Halter v. Nebraska

Seal of the United States Supreme Court.svg
Submitted January 23, 1907
Decided March 4, 1907
Full case name Halter v. Nebraska
Citations 205 U.S. 34 (more)
27 S. Ct. 419; 51 L. Ed. 696; 1907 U.S. LEXIS 1450
Court membership
Case opinions
Majority Harlan, joined by Fuller, Brewer, White, McKenna, Holmes, Day, Moody
Dissent Peckham

Halter v. Nebraska, 205 U.S. 34 (1907), was a United States Supreme Court case involving a Nebraska statute that prevented and punished desecration of the flag of the United States and prohibited the sale of articles upon which there is a representation of the flag for advertising purposes. The court held that the statute was not unconstitutional either as depriving the owner of such articles of his property without due process of law, or as denying him the equal protection of the laws because of the exception from the operation of the statute of newspapers, periodicals, or books upon which the flag may be represented if disconnected from any advertisement.[1]

A long established, adhered to principle of constitutional construction prevents a judicial tribunal from holding a legislative enactment, federal or state, unconstitutional and void unless it is manifestly so.

Except as restrained by its own fundamental law or by the supreme law of the land, a state possesses all legislative power consistent with a republican form of government, and it may by legislation provide not only for the health, morals and safety of its people, but for the common good as involved in their wellbeing, peace, happiness and prosperity.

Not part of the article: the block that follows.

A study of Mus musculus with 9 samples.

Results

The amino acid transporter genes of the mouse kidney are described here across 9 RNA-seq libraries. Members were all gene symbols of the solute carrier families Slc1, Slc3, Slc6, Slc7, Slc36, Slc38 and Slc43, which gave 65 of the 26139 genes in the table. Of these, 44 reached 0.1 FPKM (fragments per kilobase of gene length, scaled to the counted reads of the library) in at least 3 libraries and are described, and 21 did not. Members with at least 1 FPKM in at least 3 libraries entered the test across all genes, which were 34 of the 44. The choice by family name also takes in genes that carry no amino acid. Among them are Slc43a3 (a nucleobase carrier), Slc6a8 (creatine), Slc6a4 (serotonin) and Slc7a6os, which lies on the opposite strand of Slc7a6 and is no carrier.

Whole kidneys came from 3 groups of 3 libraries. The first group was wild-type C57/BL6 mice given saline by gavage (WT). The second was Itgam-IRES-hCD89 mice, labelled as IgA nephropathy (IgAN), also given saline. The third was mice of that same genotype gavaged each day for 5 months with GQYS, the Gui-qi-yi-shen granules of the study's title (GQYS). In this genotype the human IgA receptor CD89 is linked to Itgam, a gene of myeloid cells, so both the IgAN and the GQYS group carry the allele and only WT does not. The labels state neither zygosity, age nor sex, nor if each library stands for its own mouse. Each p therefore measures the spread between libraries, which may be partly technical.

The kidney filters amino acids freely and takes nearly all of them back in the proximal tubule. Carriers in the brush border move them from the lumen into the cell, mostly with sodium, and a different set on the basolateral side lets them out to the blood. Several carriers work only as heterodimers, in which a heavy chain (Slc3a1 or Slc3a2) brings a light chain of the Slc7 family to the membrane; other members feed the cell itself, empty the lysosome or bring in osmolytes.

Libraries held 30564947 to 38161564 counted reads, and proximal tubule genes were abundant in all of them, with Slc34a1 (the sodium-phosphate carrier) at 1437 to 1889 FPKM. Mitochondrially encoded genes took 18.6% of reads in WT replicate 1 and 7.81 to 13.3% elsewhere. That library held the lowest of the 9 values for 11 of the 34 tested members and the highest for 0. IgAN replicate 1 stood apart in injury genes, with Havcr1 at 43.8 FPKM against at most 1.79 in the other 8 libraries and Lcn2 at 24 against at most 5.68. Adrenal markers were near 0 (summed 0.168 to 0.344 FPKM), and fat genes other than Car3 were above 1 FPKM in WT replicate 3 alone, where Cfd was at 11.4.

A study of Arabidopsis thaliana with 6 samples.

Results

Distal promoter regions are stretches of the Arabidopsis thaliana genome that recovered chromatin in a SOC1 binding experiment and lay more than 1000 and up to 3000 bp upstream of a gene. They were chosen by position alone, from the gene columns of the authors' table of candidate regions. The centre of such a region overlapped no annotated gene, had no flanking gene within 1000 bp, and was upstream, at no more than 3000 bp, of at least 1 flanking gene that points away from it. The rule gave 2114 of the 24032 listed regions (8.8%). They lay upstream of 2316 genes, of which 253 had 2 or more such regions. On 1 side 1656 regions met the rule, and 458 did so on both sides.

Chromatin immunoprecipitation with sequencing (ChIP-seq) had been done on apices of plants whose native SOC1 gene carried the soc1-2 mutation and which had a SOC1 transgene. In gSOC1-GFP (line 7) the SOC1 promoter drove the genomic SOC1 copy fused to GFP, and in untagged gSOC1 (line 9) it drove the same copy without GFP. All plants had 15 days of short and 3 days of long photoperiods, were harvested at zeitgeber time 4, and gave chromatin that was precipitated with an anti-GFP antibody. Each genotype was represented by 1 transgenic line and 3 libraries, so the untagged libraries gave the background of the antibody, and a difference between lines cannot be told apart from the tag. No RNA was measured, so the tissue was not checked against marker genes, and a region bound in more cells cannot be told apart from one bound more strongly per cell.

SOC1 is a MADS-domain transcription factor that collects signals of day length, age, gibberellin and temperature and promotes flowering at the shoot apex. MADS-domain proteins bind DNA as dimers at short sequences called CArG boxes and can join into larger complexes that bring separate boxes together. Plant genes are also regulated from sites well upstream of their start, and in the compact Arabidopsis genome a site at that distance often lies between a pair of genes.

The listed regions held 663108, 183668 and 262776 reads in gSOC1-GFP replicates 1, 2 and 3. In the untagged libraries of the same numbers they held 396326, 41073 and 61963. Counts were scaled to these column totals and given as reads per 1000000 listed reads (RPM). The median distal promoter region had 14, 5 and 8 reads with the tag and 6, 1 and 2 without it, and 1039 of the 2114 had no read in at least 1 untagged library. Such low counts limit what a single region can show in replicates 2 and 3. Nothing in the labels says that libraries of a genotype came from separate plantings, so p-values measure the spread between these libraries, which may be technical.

There are matters which, by congressional legislation, may be brought within the exclusive control of the national government but over which, in the absence of such legislation, the state may exert some control in the interest of its own people, and although the national flag of the United States is the emblem of national sovereignty and a congressional enactment in regard to its use might supersede state legislation in regard thereto, until Congress does act, a state has power to prohibit the use of the national flag for advertising purposes within its jurisdiction.

The privileges of citizenship and the rights inhering in personal liberty are subject in their enjoyment to such reasonable restraints as may be required for the public good, and no one has a right of property to use the nation's emblem for individual purposes.

A state may consistently make a classification among its people based on some reasonable ground which bears a just and proper relation to the classification and is not arbitrary.